BOSTON The Blue Cross Blue Shield of Massachusetts Board of Directors on Tuesday voluntarily agreed to indefinitely suspend its members’ compensation. In total that amounts to more than $1.2 million a year.
The payments for the 18 board members make up a fraction of the $13 billion company, but the board says it heard clearly the community’s anger at the board payments and the severance package to former CEO Cleve Killingsworth. The new CEO, Andrew Dreyfus, says the board wanted to show it’s acting responsibly.
“The board really wanted to move the discussion back to talking about health care affordability and this issue really had become too much of a distraction,” Dreyfus said. “They really wanted to send a message that there’s a new era of Blue Cross and we are going to be more modest in our compensation practices.”
Dreyfus says most Blue Cross boards across the country pay their members and do it because they need to attract people with business and financial expertise.
Board members here include Massachusetts AFL-CIO President Bob Haynes, who was paid $72,000 last year, and Helen Drinan, the president of Simmons College, who was paid $84,000. Some members received free health care as part of their compensation. Paul Guzzi, CEO of the Greater Boston Chamber of Commerce, received $84,000 for sitting on the board, but says with his business experience, he brought value.
“The combination of experiences and understanding of finances and a deep commitment to improving the health care system here in Massachusetts were all criteria that led to me going on the board,” Guzzi said.
Attorney General Martha Coakley, who is investigating Blue Cross for its payout to Killingsworth and had inquired about board pay, applauds the decision and says the other three nonprofit health insurance companies in the state should reevaluate their practices of paying board members as well. Tufts Health Plan says it is looking at the practice. Harvard Pilgrim Health Care and Fallon Community Health Plan did not return a call for comment.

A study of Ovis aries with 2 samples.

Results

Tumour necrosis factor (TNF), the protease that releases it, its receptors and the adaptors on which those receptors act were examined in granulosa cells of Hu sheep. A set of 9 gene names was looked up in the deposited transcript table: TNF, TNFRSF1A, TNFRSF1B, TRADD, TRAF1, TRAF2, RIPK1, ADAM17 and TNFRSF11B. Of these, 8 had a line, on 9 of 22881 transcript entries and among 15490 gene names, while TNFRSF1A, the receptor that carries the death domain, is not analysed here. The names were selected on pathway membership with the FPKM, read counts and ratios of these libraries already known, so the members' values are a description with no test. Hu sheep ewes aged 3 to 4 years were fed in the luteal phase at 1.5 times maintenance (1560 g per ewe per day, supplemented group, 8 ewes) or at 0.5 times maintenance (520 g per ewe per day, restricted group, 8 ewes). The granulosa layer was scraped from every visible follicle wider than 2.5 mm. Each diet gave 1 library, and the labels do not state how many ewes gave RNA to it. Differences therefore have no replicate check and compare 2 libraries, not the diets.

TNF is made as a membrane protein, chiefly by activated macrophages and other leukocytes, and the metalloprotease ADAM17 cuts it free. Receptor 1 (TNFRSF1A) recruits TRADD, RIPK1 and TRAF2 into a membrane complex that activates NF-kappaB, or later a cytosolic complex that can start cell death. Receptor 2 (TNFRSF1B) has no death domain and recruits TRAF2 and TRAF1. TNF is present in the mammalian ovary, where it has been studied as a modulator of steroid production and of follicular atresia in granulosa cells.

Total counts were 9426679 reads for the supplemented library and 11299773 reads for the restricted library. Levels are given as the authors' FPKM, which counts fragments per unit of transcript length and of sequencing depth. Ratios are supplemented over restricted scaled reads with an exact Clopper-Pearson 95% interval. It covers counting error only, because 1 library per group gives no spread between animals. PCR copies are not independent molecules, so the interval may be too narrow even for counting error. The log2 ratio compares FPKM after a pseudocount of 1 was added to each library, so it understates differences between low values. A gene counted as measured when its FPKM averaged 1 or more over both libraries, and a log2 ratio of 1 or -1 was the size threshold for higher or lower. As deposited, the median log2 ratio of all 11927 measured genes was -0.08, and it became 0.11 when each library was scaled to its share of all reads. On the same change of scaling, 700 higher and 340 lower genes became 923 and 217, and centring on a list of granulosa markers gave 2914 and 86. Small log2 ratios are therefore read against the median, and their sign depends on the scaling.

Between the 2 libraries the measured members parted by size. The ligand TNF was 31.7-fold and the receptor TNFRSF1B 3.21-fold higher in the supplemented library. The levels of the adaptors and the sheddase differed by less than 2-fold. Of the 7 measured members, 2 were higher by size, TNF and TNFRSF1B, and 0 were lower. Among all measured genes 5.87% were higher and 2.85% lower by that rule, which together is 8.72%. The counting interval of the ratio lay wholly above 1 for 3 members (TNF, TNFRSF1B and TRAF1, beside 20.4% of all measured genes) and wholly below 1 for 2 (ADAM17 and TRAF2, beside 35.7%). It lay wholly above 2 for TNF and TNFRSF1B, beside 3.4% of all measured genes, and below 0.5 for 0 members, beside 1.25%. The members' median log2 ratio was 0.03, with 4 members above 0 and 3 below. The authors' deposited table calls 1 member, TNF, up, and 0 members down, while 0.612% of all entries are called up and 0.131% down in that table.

Blue Cross says in addition to suspending pay for board members, it’s starting to examine whether it should even be classified as a public charity. Dreyfus says it creates unrealistic expectations.
“We are a not-for-profit organization, but on the other hand we need to act as a business, we need to act competitively in a market,” he said. “We are a large financial enterprise and I think that creates some confusion in the public’s mind — are we a business or are we a charity?”
Blue Cross doesn’t accept donations and already pays taxes. Dreyfus says the board will explore another way to be classified. But it is not considering becoming a for-profit insurer. Coakley says it’s a good opportunity for Blue Cross to explore a change.
“For Blue Cross Blue Shield it would require a statutory change, but it’s never inappropriate for a board of an institution to at least review and consider — should they be organized some other way,” Coakley said.
The board says as long as there are conflicting expectations about who Blue Cross is, and how the insurer should behave, there will be questions about compensation and other business practices.